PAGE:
I am trying to confirm this information about a communal tent during the first winter after a season on the turtlehead. This would mean a somewhat large stand of chelone would be more likely to have eggs and would certainly dictate stopping turtlehead clean-up if indeed the communal tent is on the plants. Does anyone have more information or a link with this kind of data?

The Ives Road Fen is in Michigan near Tecumseh. Seeing this first hand would be awesome.

https://www.facebook.com/IvesRoadFen


Butterfly can't leaf it alone, so biologist lends a hand | BrandeisNOW

White turtlehead (Chelone glabra), which is native to eastern North America from Newfoundland south to Georgia, once was the only plant on which female checkerspots would lay eggs and the only plant on which young larvae would feed.
Upon hatching, the larvae remained in a tight cluster on the plantain foliage and spun a gossamer tent around themselves. They fed on leaves enclosed in the tent and periodically shifted its position to replenish their food supply. Most butterfly larvae are independent feeders; checkerspots are distinctly social.
And there is a final, truly rare change in the caterpillars when they revive in the spring: Their very picky feeding habits will have melted away. In addition to white turtlehead and narrow-leaf plantain, over-wintered caterpillars will feed on broad-leaved plantain, an additional species of turtlehead, shrub honeysuckles, ash trees and many other plants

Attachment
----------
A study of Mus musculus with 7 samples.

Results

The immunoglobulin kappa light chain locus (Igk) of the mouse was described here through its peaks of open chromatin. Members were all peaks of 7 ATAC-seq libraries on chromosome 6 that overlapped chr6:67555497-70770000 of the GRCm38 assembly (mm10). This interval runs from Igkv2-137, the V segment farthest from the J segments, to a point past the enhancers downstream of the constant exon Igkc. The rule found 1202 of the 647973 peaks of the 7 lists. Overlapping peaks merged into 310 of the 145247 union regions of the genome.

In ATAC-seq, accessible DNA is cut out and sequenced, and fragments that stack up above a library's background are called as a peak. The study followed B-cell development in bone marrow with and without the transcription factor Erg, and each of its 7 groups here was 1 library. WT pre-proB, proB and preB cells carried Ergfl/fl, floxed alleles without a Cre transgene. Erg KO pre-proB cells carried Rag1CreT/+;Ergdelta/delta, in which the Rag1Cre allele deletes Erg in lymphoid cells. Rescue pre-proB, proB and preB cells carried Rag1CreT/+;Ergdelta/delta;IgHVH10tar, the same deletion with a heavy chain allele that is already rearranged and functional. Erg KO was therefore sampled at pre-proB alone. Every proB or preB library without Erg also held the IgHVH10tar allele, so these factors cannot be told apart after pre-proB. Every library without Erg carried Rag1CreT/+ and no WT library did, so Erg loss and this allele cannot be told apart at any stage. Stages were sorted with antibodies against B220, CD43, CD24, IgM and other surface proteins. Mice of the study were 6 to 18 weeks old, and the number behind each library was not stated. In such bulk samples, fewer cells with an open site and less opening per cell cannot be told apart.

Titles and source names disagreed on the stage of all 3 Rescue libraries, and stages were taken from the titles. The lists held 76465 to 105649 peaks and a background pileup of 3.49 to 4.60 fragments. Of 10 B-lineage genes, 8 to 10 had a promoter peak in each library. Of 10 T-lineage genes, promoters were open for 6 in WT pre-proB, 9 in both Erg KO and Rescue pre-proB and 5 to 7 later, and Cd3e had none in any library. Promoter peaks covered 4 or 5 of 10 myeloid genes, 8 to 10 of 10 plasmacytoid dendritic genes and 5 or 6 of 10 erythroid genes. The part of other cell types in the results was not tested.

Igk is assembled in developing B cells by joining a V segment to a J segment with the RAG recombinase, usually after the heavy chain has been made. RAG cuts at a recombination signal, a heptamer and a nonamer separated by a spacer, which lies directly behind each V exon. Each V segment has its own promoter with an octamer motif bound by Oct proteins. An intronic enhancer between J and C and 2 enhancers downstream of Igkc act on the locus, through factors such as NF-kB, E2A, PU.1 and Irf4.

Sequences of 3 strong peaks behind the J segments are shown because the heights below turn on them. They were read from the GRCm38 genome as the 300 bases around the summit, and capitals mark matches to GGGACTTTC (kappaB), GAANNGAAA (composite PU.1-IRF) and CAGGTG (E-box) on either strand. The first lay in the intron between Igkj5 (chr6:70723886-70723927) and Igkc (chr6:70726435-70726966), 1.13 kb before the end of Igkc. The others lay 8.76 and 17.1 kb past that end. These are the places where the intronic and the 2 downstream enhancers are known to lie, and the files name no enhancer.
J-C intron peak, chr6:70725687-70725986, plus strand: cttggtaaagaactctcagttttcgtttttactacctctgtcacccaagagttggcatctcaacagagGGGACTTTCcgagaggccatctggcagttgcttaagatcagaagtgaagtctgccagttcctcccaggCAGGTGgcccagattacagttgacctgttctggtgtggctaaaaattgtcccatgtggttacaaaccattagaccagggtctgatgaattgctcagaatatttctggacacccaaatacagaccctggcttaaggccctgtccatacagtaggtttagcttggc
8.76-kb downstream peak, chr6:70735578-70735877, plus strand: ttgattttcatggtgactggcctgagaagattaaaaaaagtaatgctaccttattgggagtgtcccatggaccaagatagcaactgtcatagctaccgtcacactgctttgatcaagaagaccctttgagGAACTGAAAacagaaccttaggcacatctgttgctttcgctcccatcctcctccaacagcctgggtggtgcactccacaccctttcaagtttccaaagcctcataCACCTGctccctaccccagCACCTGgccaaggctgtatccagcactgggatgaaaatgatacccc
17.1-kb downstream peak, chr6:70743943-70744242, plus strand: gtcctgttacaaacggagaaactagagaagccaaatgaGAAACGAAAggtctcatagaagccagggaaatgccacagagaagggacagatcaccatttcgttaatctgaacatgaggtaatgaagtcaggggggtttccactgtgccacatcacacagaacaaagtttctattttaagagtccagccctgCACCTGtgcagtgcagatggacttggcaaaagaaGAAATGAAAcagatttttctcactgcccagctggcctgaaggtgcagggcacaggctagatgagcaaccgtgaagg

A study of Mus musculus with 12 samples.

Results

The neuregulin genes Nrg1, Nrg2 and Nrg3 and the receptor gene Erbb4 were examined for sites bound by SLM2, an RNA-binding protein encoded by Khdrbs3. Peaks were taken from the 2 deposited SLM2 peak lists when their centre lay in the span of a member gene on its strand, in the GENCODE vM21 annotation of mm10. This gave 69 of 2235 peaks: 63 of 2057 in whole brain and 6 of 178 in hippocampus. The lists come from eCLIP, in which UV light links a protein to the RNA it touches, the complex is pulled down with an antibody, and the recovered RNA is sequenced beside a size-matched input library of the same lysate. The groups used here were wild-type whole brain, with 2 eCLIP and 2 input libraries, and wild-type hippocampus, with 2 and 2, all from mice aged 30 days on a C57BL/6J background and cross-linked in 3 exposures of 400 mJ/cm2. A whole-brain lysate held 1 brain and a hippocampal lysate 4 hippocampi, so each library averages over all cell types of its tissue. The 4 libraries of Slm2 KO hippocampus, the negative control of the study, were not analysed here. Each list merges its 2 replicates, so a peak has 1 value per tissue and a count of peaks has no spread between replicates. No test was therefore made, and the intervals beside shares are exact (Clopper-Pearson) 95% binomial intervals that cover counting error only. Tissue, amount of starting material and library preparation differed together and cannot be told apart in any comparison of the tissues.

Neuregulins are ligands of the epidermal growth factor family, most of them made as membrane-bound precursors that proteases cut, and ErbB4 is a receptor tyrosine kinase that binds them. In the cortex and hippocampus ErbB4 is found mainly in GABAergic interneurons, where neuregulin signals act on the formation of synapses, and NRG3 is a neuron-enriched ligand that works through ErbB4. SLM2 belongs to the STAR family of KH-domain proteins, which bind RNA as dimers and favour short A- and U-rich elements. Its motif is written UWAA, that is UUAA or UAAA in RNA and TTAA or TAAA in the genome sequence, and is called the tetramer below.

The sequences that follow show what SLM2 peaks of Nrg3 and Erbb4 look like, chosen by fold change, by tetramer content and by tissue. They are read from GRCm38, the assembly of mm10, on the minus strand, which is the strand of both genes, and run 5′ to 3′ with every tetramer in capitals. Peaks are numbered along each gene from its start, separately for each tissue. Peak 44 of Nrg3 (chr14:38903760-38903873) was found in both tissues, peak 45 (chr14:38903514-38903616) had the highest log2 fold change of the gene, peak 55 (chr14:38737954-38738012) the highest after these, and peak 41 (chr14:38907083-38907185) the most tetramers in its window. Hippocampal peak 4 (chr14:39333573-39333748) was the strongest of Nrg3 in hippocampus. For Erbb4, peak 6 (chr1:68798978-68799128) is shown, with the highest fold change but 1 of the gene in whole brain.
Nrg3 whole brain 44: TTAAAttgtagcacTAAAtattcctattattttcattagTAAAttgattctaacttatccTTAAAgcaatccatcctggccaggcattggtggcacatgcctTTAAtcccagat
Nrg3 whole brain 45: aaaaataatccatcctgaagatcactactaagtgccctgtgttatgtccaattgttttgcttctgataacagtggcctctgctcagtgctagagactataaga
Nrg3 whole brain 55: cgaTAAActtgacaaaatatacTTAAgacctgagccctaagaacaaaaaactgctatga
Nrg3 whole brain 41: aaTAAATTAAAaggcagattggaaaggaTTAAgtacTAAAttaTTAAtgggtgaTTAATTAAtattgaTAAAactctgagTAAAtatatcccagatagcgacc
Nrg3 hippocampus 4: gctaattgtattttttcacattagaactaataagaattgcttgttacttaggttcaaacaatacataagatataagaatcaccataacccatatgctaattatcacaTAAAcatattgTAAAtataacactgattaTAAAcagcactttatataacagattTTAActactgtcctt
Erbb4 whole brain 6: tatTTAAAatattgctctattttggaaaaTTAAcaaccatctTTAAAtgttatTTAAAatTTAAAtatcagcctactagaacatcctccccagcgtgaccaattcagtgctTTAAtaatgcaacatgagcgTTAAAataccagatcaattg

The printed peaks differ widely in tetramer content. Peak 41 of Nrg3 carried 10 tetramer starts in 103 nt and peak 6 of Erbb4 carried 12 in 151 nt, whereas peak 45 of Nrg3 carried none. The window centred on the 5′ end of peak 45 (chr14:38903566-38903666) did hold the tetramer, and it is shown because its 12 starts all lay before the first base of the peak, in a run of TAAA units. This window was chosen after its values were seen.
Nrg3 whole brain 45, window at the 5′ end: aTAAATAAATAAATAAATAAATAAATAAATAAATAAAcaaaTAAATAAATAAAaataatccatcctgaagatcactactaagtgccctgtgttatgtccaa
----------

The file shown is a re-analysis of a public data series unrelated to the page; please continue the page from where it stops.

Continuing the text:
With this information we would know not to clean up the dead stems, if you see the web like tent over several caterpillars, until it is warm enough for the caterpillars to start looking for food in spring.


The researcher/biologist planted lots of turtlehead but also put caterpillars he had raised on some existing narrow-leaved plaintain and put cages around to protect so that he could observe.


So the Baltimore checkerspot butterfly lays all her eggs at one time on white turtlehead or narrow-leaved plaintain. The tiny caterpillars stay together and form the communal tent. They then over-winter within this tent together only separating after it warms up enough in spring for them to find food. At that time food becomes the leaves of a variety of plants not used by the adults to lay eggs.

A complex and somewhat unusual cycle don't you think?
--
The cycle as I understand it doesn't seem complex or unusual to me at all.... a fascinating adaptation.... yes!!! Now.... if only some Baltimore Checkerspots would find my Chelone and lay eggs on it so I could see a communal tent myself!!!

I've read about other caterpillars that change their food source after overwintering. Makes sense since the original host plant may not leaf out early enough for the caterpillars to dine in the spring. Wish I could remember some examples.

Wish I could raise some BCs around here but I'm in the wrong part of Ohio.